Health Care Partner Examines Changes to HHS Anti-Kickback Statute in Bloomberg Law and Becker’s Hospital Review
Becker’s Hospital Review reports on Aug. 30 that the U.S. Department of Health and Human Services’ Office of Inspector General recently published a request for information seeking input from the public on how the agency can foster care coordination by modifying or adding safe harbors to the Anti-Kickback Statute. The article highlights remarks from health care partner Tom Bulleit (Washington, D.C.) in an Aug. 24 interview with Bloomberg Law’s Health Law Reporter.
Mr. Bulleit explains that the request for information should be thought of differently than the proposed regulation pending at OMB that is entitled “Removal Of Safe Harbor Protection for Rebates to Plans or PBMs Involving Prescription Pharmaceuticals and Creation of New Safe Harbor Protection.” The former is widely-thought to be a Trump Administration effort to use the Medicare anti-kickback law as a sword to bring down drug prices by eliminating or severely restricting the current industry practice of rebating based on a percentage of sale price (though there is no clear connection between eliminating rebates and reducing list prices).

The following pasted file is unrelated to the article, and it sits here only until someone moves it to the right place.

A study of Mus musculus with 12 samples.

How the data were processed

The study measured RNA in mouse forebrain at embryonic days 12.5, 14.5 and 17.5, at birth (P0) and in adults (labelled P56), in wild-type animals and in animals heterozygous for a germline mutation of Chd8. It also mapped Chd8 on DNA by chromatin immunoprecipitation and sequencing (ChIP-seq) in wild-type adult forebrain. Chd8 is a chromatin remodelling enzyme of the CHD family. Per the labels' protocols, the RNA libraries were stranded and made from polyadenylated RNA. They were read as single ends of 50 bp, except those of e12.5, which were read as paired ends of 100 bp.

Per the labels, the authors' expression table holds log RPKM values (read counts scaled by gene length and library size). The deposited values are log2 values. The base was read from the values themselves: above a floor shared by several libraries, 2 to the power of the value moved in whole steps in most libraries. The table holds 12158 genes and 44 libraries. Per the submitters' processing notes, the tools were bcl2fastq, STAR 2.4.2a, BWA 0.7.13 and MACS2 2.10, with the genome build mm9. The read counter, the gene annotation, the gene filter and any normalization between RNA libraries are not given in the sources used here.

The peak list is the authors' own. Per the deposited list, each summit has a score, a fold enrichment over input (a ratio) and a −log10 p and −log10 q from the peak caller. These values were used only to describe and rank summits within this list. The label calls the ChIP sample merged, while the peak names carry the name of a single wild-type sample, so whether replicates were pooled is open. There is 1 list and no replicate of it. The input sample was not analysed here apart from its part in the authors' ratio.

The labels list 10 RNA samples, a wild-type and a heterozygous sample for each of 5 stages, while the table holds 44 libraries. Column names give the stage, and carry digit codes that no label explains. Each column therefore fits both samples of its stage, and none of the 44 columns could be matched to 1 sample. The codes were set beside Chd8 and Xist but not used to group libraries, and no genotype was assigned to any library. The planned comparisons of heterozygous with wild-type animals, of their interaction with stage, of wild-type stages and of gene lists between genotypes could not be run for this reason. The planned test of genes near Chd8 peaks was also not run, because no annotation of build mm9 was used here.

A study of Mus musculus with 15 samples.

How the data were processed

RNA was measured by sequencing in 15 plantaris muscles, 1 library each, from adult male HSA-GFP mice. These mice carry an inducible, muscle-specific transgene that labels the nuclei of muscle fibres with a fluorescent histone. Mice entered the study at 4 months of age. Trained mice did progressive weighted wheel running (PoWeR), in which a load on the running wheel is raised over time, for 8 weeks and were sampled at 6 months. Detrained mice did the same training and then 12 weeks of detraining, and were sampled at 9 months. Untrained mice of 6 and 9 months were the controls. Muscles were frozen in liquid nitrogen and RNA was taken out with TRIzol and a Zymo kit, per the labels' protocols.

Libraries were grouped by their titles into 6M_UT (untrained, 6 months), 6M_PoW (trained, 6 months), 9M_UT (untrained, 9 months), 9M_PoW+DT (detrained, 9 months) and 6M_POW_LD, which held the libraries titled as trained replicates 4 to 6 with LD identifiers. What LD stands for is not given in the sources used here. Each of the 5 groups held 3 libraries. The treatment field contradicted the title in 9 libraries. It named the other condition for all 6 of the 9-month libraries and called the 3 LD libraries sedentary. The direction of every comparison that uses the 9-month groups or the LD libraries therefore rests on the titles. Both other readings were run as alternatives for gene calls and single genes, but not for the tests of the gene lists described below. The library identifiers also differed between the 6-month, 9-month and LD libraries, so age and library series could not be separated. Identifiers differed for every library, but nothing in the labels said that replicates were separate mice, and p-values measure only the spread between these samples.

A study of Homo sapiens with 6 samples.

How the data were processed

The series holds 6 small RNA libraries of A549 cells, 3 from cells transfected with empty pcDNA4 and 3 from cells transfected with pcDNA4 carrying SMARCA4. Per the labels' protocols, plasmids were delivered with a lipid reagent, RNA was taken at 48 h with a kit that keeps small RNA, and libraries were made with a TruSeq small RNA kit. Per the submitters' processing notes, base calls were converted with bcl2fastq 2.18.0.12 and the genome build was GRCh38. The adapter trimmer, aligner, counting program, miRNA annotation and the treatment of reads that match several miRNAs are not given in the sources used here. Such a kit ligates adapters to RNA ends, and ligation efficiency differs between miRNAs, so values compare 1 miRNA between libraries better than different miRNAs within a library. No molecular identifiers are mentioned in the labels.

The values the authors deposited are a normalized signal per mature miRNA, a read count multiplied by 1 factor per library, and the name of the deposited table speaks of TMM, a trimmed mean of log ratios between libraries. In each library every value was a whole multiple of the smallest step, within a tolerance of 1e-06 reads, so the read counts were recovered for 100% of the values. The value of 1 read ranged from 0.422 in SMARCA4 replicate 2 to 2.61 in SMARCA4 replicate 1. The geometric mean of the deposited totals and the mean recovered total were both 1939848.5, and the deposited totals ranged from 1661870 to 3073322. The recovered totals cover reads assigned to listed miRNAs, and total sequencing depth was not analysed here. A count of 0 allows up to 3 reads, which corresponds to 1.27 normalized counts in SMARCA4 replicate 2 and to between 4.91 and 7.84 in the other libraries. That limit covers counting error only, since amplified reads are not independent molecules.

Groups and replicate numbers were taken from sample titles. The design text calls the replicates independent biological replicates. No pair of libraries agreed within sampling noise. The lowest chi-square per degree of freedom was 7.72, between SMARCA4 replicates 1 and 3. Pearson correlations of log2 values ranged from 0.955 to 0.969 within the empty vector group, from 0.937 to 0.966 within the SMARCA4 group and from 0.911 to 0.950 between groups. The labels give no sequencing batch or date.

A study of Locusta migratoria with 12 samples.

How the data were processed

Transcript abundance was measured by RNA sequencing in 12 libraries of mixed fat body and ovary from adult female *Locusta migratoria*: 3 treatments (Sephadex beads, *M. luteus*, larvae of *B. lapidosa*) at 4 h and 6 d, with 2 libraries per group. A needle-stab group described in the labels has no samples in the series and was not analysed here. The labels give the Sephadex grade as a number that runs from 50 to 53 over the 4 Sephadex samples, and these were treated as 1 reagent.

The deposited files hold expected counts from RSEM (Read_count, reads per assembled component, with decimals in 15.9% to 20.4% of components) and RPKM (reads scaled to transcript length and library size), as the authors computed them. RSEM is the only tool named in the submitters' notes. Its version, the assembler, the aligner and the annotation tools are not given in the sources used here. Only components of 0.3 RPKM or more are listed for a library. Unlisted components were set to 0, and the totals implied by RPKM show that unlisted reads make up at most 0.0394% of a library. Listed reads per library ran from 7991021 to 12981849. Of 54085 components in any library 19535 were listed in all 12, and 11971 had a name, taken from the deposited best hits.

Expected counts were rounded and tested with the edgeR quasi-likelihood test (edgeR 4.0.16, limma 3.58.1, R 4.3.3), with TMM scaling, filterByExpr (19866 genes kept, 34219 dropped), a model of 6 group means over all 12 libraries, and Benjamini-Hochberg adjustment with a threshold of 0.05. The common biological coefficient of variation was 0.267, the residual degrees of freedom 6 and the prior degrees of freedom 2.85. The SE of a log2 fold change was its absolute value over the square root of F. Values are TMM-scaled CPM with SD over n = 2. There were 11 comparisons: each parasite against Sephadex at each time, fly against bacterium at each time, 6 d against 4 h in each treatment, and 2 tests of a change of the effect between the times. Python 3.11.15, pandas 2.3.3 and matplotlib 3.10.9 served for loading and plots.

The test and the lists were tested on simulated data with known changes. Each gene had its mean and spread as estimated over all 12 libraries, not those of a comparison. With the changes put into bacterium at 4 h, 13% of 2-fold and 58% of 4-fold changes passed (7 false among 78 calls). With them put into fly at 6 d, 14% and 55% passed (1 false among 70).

In contrast, the RFI is more of a shield to protect value-based healthcare arrangements from anti-kickback law concerns. As he discusses, the RFI is aimed at finding ways to allow health care providers to collaborate and share risk and benefit if they can produce better health outcomes without facing kickback risk. He notes that a key issue is how to make the changes narrow enough to promote better health outcomes without facilitating payments for referrals.